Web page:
I've noticed a main theme develop in my comments: Fix the worst writing glitches by following this rule:
Read It Out Loud!
Flow problems? Authentic dialogue? Overwritten?
When you HEAR your own words, the problems fix themselves. At least 90% of the time. Sometimes they don't, but that's another post.
The thing is, when you use your outside voice, not your internal I-love-these-words voice, you process differently - it's just that simple. Your mouth stumbles over awkward phrasing, overly formal or purply prose. You know what you would say in "real life". That's what you should actually be writing.
Some of you know I teach writing - business writing. My students work for various US agencies and departments. My job exists because SO many government employees overwrite and crowd their documents with long, fussy, circuitous language. And, for the most part, they know better. But the culture of government writing supports, nay, ENCOURAGES that, so that's what they do.
The truth is, high level leadership wants plainer, simpler language - and certainly taxpayers do too. But the disconnect is huge. If only I had a dollar for every time I've heard this: "We've always written this way; it sounds more official".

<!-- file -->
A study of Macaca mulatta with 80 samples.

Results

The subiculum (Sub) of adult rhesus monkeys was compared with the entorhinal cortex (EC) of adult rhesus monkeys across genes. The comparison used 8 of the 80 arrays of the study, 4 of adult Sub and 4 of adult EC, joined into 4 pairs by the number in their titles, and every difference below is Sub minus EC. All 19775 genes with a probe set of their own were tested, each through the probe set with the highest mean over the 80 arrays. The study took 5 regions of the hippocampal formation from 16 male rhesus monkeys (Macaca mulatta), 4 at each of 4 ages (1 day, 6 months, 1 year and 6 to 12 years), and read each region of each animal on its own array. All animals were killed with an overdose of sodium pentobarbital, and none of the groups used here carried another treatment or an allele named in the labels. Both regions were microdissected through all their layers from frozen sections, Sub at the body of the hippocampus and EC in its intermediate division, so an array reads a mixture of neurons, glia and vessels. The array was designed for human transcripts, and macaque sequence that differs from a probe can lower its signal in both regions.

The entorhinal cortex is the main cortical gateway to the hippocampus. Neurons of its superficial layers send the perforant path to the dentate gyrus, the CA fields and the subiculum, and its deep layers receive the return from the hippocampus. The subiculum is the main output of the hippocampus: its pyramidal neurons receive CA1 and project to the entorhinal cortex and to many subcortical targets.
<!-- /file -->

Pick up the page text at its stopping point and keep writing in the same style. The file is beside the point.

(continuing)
So anyway (*forcibly removes herself from her soapbox*), when I help people unlearn bad habits, we chant the Golden Rule. You know it now, say it with me:
READ IT OUT LOUD.
Keep it simple, and they will get it.
Keep it real, and they will connect.
But, oddly enough, I never thought to apply that to my own creative writing until I read this post from the amazing Authoress, whom many of us depend on for wisdom, truth, and great contests.
She is Dauntless and posts about her own learning curve, so I am going to take a page from her blog and do the same. Here is what I wrote in one of the early versions of my current query letter:
It’s also a speculative take on the controversial world of stem cell research.
Read it out loud, and you find your tongue stumbling across the consonants. You wonder, now just what does she mean?
But I didn't hear the problems because I didn't SPEAK it, and so, I actually sent it out that way.
So, try it. You'll surprise yourself.
One last note: when in doubt, try what I call the "phone test". When you can't figure out how to word something, pretend you're telling it to someone on the phone. Actually speak out loud. 90% of the time, what you say on the "phone" is drastically different from what you say when you're staring at the screen.